Lectures are an entirely different format of learning than what you will be used to in college/sixth form and, with upwards of 10 hours of lectures a week, you will want to make sure you are getting the most out of this contact time.
DON’T try writing down everything the lecturer says. Not only is this pretty much impossible and exhausting – it’s also pretty useless. Instead jot down key points of the lecture and make notes about any information you want to follow up in your own time that might have interested you. That way you will actually engage with the lecture.
DO use a notepad instead of a laptop. Now I know this is a very personal opinion, but I truly believe that the physical act of handwriting lecture notes allows you to absorb more as you go along. Of course, for some people, using a laptop is necessary but I recommend at least giving handwritten notes a go.
DON’T get into the habit of skipping lectures. University culture is fundamentally different from school in that you are very much given a great amount of autonomy in how you want to approach your education. Unfortunately, this also means that it is very easy to “get away” with skipping lectures and once you’ve missed a couple of 9am’s it becomes very difficult to get back into the routine.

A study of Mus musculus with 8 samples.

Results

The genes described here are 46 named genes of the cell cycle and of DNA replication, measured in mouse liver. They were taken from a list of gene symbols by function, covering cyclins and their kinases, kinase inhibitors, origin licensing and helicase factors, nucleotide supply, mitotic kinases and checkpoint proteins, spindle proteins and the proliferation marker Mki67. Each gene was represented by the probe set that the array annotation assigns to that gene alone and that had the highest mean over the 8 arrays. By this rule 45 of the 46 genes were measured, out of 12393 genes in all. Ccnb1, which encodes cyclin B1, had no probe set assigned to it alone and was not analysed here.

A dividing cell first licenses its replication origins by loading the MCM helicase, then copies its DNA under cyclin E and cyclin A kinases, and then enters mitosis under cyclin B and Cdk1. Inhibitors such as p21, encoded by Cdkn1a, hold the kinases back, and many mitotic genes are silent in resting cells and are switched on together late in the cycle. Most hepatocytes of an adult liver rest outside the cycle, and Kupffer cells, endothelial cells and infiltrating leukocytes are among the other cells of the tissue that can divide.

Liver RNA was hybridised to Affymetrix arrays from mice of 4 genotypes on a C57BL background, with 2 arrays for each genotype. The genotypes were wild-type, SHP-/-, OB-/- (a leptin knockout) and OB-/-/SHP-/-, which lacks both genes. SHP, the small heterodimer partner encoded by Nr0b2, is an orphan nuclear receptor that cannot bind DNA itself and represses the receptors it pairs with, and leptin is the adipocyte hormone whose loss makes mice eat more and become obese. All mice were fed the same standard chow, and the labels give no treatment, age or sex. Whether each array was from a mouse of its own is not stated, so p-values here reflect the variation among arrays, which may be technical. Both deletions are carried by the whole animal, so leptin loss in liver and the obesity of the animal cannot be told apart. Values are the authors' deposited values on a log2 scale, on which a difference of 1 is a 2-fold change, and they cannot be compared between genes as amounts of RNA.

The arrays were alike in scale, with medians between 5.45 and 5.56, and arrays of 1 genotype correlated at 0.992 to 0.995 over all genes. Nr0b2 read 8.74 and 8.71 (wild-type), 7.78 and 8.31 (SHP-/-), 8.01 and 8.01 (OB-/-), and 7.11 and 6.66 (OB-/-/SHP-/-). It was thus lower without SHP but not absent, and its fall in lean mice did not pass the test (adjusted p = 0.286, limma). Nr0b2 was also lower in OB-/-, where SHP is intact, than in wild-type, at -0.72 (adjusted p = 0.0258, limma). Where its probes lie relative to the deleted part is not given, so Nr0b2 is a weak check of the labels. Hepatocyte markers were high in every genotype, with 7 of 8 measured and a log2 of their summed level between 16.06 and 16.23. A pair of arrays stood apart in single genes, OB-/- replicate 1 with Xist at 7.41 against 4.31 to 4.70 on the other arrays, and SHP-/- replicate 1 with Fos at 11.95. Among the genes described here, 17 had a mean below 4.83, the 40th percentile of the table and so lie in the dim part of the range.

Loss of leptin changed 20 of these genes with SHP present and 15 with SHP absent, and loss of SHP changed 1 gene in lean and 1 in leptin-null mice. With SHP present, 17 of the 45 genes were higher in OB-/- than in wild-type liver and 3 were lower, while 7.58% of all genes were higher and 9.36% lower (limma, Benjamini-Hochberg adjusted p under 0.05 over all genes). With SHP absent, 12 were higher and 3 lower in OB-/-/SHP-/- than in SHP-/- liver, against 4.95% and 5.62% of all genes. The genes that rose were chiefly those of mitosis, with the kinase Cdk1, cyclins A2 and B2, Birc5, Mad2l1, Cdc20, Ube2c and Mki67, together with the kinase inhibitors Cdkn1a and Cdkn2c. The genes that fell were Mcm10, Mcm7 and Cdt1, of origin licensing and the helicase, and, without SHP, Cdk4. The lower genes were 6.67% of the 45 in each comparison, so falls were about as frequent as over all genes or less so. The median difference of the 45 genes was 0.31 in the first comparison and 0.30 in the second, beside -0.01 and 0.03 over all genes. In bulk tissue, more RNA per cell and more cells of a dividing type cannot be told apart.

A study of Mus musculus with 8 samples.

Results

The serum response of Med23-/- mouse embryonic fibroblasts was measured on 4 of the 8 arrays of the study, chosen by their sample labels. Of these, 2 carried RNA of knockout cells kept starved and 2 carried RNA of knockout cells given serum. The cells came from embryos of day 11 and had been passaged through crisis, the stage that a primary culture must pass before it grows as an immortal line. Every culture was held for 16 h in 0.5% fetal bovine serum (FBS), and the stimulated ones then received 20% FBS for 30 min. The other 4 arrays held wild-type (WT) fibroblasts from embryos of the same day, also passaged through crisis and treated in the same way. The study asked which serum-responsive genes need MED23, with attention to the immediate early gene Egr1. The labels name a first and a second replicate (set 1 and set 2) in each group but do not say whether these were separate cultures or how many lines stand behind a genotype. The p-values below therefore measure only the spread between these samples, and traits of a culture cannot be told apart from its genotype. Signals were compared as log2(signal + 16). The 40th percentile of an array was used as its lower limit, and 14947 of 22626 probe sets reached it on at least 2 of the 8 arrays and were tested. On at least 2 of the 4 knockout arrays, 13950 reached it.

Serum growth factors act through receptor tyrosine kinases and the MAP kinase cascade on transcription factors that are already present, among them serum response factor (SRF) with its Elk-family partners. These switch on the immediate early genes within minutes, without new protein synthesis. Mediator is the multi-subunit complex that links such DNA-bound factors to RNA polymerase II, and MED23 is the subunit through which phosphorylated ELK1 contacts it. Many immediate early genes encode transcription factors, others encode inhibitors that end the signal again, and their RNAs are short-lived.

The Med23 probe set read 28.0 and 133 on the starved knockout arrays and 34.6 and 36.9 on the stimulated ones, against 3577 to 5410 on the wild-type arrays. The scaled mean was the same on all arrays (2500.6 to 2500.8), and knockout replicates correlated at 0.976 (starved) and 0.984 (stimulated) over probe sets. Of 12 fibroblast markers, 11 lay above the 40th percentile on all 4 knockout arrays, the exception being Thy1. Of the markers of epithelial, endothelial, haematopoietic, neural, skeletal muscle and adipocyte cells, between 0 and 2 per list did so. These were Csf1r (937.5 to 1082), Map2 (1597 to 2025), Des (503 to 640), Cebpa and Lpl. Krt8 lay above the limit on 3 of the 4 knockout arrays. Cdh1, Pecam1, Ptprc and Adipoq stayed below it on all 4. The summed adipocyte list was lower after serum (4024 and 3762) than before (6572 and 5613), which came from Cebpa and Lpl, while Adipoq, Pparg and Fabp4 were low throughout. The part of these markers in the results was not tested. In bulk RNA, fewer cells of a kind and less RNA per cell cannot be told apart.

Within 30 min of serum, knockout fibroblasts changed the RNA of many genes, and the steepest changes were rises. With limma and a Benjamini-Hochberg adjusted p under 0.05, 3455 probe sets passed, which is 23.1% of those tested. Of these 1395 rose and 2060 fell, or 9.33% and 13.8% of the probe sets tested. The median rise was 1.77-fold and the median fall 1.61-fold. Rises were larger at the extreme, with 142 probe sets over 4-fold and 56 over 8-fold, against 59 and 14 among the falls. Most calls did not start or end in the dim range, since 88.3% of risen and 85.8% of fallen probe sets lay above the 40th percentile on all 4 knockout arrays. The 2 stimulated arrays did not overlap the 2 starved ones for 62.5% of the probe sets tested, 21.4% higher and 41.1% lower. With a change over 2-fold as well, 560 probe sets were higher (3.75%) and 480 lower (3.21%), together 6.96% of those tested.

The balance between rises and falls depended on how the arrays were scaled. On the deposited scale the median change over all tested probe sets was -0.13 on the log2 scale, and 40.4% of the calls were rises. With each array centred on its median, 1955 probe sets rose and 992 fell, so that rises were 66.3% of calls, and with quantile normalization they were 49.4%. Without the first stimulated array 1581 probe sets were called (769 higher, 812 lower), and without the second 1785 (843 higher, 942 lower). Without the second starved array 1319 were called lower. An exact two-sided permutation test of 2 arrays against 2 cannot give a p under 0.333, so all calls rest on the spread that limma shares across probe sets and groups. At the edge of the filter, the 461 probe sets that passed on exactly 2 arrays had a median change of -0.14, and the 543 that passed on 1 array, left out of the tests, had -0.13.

DO use colour in your notes. Whether you’re using a laptop or a notepad, it’s always a good idea to use colour in your notes – you could highlight key words, for example. This will make it a lot easier to find topics when you have to look back over your notes from months ago during exam revision.
DON’T worry if you feel like the lecturer went over a topic too quickly or if you got distracted. The majority of lectures at Lancaster University are video recorded so you can watch them again when you get home and add to your notes.
DO sit closer to the front of the lecture theatre. It has been scientifically proven that those who sit in the front and middle rows of lecture halls are more likely to achieve higher grades.
DON’T be afraid to ask questions. Lecturers will usually pause during the session and allow the audience to ask questions – if you didn’t understand something, there is a very high likelihood that there are at least 20 other people feeling the same way!